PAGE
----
Condo | Conversions
Dan Phillips - dphillips@its-services.com


The new wave in hotel ownership is the conversion of hotels to condo-hotels. What a great concept! You take an existing hotel in a good location, renovate the heck out of it, sell the units ahead of time to have the capital for the renovation plus profit, and then run the place like a hotel for most of the year blasting out your competition with a guest value that brings more amenities per dollar spent than anyone else can offer.

One can’t pass up the old truth about location, location, location. But, from a technologist’s point of view, giving guests an in-room experience that equals or surpasses what they can get at home or in the office is still a great philosophy to use when converting to a condo-hotel. In-room technology started years ago with color televisions, movies on demand and two line telephones. Today, hotels should be leveraging IP infrastructures to bring such an array of applicable technology in room that it is short of staggering. Literally, the technological amenities are such that they can take what used to be an ordinary hotel room and help it sell for hundreds of thousands of dollars, and the guy buying it won’t even live there 11 months out of the year.

The Falor Companies may be the leader in hotel to condo-hotel conversions. Chris Falor, director of A&C, said, "The technology we put into the rooms really depends on how successful our pre-sales efforts are. At a minimum we provide HSIA, VOD on a 42-inch plasma, a LCD television in the bathroom, cordless phones and, perhaps some music. When more amenities are required, we upgrade the access control measures, bring in a better selection of free-to-guest television, put in Dolby for movie sound and music, and maybe include an in-room concierge that provides things like controlling the lighting or curtains or helping the guest find restaurants or look at room service menus. The amount of technology we put in really depends on the return we can get from the sale of the condos."

Imagine this: The condo owner notifies the hotel that he will be staying there soon. Upon arrival, he heads to his condo. Outside the door is a touchscreen welcoming him back home and asks him for his thumbprint. He touches the screen with his thumb, the door unlocks and the touchscreen releases from its holder to be removed. Upon entering the room, the air conditioning kicks on in bringing the room to his preferred temperature. The curtains open and the lights automatically dim. The Dolby surround sound is playing his favorite music. The touchscreen in his hand shows a menu of options from which he can choose, including closing the curtains, picking a satellite TV channel for the 42-inch HD plasma television, or perhaps he would consider an on-demand movie with a pizza and some beer to be delivered. At the desk is a dynamic, interactive guest directory provided on a terminal that enables him to schedule spa times, tee times and check out the menu at the new restaurant down the street. Phone calls he makes are priced at residential rates. He quickly checks his e-mails and then begins to enjoy his stay in this, his home-away-from-home.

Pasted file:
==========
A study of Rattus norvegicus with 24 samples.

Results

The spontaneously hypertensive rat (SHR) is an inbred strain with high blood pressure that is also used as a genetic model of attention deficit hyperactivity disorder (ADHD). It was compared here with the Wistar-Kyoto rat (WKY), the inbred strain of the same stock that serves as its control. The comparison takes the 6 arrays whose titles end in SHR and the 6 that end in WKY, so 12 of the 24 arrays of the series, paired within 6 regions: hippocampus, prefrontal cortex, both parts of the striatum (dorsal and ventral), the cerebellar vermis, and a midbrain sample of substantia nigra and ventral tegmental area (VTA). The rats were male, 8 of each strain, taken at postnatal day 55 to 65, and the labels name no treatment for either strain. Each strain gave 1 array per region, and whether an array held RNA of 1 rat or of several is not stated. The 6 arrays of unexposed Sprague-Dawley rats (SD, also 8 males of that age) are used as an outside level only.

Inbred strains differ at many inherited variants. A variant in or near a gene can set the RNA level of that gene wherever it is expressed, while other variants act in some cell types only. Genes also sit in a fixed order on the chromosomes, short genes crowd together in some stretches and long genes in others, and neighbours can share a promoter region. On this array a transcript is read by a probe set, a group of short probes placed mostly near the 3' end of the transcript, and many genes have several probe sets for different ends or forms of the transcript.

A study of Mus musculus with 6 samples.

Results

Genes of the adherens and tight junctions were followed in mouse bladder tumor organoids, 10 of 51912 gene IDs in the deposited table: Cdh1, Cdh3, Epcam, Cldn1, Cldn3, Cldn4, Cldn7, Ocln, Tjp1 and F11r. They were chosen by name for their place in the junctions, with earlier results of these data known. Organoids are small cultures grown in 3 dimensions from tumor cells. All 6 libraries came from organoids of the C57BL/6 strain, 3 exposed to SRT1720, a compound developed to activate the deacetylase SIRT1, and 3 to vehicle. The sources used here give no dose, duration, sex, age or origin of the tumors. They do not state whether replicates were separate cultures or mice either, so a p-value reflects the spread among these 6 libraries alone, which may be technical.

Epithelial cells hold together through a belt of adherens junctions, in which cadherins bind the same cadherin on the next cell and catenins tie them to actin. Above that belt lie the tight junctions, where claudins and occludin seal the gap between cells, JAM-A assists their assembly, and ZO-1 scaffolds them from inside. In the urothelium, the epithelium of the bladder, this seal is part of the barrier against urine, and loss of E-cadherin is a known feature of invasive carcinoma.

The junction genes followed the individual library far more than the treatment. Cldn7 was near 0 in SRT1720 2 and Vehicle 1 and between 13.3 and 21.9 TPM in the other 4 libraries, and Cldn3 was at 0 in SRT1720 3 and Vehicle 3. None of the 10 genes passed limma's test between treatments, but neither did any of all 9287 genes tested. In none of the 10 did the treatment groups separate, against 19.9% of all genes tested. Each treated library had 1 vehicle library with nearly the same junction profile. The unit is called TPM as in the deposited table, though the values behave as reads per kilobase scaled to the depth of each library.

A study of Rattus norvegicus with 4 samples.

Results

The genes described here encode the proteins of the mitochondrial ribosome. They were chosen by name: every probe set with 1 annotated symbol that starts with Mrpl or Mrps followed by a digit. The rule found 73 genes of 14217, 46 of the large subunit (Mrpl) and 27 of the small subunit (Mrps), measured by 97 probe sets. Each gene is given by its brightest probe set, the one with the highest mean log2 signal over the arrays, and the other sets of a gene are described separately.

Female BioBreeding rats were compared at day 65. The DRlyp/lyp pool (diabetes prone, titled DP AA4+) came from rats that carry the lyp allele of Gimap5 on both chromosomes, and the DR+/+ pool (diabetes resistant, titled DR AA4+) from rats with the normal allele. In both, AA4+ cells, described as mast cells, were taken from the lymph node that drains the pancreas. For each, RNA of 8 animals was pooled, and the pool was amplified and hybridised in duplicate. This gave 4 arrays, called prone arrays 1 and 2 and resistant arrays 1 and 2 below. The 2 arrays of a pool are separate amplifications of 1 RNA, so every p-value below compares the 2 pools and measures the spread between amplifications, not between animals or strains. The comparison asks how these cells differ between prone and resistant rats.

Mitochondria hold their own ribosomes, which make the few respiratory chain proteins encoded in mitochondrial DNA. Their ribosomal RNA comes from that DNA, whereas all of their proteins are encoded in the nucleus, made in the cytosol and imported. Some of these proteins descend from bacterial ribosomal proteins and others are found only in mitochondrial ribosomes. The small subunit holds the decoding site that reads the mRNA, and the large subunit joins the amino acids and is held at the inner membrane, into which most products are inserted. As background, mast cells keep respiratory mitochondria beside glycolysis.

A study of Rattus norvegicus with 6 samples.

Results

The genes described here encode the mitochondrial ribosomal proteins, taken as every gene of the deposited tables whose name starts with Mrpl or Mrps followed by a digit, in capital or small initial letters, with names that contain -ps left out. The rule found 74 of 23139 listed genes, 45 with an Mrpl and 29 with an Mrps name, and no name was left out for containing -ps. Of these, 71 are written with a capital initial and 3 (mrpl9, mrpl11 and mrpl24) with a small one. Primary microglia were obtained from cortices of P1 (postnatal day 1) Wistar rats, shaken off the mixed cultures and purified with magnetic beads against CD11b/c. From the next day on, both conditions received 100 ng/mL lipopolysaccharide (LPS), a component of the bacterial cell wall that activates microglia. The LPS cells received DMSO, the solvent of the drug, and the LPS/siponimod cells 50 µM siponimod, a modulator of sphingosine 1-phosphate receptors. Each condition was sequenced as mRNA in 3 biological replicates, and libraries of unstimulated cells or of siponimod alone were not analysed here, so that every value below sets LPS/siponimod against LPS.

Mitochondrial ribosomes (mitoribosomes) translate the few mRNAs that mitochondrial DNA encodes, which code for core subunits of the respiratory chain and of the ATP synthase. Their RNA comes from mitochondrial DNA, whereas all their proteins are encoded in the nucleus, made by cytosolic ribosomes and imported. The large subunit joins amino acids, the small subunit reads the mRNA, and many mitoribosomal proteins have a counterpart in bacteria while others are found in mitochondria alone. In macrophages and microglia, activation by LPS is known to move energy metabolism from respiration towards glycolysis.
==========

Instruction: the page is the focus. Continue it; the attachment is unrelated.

Once this owner leaves, any hotel guest can enjoy almost all of the same amenities. When this guest uses his keycard to enter the room, the temperature controls will leave standby and come to agreeable default settings. He would still be able to control the music, the curtains, the HVAC from the interactive terminal. Phone calls are priced back at hotel rates. The hotel brand uses the interactive guest directory to push marketing information to the guest. On-demand movie packages, HDTV and music selections are all just a touch away. High-speed Internet access is not the only technology amenity offered in this hotel.

These amenities are available today. Sure they’re costly, but that is the beauty of the condo-hotel. Let’s say you have an existing hotel in a good location, like South Beach or New York City. These technology packages may be bought at $10,000 to $15,000 per room, depending on how robust your plans. One could assume that you could spend another $10,000 to $20,000 in FF&E per room. In prime locations, these condos are selling for $300,000, and up. Think what this new facelift will do to the ADR.

Dan Phillips is the COO of ITS, a consulting firm located outside of Atlanta, Ga., specializing in technology in the hospitality industry. For comment or question, he can be reached at dphillips@its-services.com.